Tuesday, December 30, 2008

BOOKS | Looking Forward 2009 - Nordic Crime

I've been hearing so much about Henning Mankell's Kurt Wallander series. Kenneth Branagh starred in a BBC serialization of the novels, and it garnered about 6 million in viewership. Nordic crime thrillers seem like the flavour of the season. Maybe it is time I sample some of the authors available in English translation. Boyd Tonkin's overview of Nordic mysteries is a good primer on who is available.

I may start with Mankell. Since I'm anal things like chronology, I'm going to try to start in order. First with Faceless Killers - and if it's good, I will continue with The Dogs of Riga, The White Lioness and more.

Jo Nesbø's (Norwegian) titles has unfortunately been translated out of order. (Why do they do that? It's annoying.) I did a quick web search and found the chronological sequence of his Harry Hole novels:

2000 – Rødstrupe; English translation: The Redbreast (2006)
2002 – Sorgenfri; English translation: Nemesis (2008)
2003 – Marekors; English translation: The Devil's Star (2005)

I will start with The Redbreast, and then we will see.

Other authors I might check-out (as though I have that much time?!) Camilla Läckberg's The Ice Princess (Swedish) which has been very successful in her native land. Then there's Karin Fossum (Norwegian) and Mari Jungstedt (Swedish). Stieg Larsson's The Girl Who Played with Fire is already on my 2009 reading list.

That reminds me that I have always been meaning to read Peter Høeg's Smilla's Sense of Snow.

The joy of making lists for 2009. :)

6 comments:

Melanie said...

I've read Karin Fossum, and although I don't read a lot of police procedurals, her books have all been riveting. I really like her detective.

Dark Orpheus said...

Melanie - That's good to hear. Are her books character driven? Plot-driven or mood-driven? What do you like about them?

Ella said...

You might really like Smilla. I used to have a whole shelf of Hoeg back when I had books. "The Woman and the Ape" was my all-time favorite, but I think it's out of print.

Reg said...

Hello Dark Orpheus, What a pleasure to see such a long list of our translations on your blog. To satisfy your chronological jones, I recommend checking out our Wikipedia listings for a relatively complete bibliography of what we've translated over the years. I hope it will give you some more suggestions as to what you might like in Nordic literature (crime, mainstream, and classics). Also hope you enjoyed the Stieg Larsson (which I did under a pseudonym) and will continue with books 2 & 3, even better than the first.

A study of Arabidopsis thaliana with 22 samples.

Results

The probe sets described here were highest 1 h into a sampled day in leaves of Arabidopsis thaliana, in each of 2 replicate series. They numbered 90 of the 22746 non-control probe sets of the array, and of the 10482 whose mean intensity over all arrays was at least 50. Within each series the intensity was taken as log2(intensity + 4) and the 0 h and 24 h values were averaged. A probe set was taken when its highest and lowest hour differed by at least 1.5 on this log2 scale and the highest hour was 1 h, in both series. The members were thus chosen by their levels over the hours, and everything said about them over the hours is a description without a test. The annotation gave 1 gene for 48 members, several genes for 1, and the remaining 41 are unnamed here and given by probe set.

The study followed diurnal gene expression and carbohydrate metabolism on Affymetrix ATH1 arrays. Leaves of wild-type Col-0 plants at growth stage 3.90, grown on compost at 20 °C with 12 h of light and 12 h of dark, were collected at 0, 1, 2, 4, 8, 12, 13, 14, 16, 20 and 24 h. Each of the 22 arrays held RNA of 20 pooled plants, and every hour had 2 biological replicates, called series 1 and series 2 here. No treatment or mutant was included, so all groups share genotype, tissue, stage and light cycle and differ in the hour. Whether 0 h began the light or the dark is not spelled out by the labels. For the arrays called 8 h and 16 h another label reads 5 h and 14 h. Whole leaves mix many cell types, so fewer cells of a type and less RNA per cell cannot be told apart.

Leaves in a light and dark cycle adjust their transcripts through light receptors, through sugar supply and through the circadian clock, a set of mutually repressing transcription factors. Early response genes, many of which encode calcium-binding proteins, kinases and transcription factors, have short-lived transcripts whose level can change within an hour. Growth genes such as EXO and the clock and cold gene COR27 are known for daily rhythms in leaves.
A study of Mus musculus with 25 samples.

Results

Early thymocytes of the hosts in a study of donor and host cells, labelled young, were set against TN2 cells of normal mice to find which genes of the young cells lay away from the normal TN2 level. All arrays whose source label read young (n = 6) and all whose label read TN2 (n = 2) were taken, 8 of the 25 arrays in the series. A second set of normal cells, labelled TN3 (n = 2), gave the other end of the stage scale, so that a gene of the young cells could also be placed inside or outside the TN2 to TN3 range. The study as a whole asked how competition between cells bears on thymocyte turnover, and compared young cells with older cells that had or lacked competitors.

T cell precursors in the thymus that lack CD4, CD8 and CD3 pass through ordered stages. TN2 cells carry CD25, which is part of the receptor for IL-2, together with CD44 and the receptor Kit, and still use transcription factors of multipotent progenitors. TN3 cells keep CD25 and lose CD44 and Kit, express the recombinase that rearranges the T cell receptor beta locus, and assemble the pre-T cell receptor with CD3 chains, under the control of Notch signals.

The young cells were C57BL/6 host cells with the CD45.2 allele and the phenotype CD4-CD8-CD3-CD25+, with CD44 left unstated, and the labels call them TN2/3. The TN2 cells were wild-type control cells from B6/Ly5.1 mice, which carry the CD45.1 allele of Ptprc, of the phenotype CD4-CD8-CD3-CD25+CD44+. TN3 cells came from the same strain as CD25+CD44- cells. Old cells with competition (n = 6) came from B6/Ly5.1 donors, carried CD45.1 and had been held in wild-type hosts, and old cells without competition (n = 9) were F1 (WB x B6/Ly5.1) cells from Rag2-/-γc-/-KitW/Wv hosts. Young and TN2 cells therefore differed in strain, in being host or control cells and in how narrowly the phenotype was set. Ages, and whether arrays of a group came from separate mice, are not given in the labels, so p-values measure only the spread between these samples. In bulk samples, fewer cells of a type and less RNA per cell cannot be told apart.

It's a shame that publishers insist on doing crime series out of order -- it drives me nuts too, especially with the excellent Jo Nesbø translations by my friend Don Bartlett. Mankell's Wallander books were done the same way, except that at least they started with the first one, after which I did #5 and #6.

If anyone has any questions about Nordic crime fiction I'd be happy to share what I know.

Parents of small kids might like the new Camilla Läckberg series.

Best wishes,
Steve / "Reg"
Albuquerque, New Mexico
Steven T. Murray (& Tiina Nunnally)

Dark Orpheus said...

Ella - I definitely want to read Smilla soon. A friend told me about the book a few years ago (same friend who gave me Robertson Davies) I just never found the time.

I'll have to check on Woman and the Ape when I go back to work now! :)

Reg - Thank you for dropping by. And thank you for translating Steig Larsson. I enjoyed the Girl with the Dragon Tattoo tremendously. In fact, when my customers (I work in a bookstore in Dubai) ask for recommendations, I have been thrusting the book into their hands.

I am definitely looking forward to Larsson's second and third book.

Meanwhile, Jo Nesbø's Redbreast is sitting in my apartment right now for me.

Melanie said...

I'd say Fossum is character driven and mood driven; both these elements are more important than plot. Although the plots hold up quite well. But the one I can recall the most strongly (When the Devil holds the candle) was very much all about the mood, and then the 2 main characters other than Detective Sejer.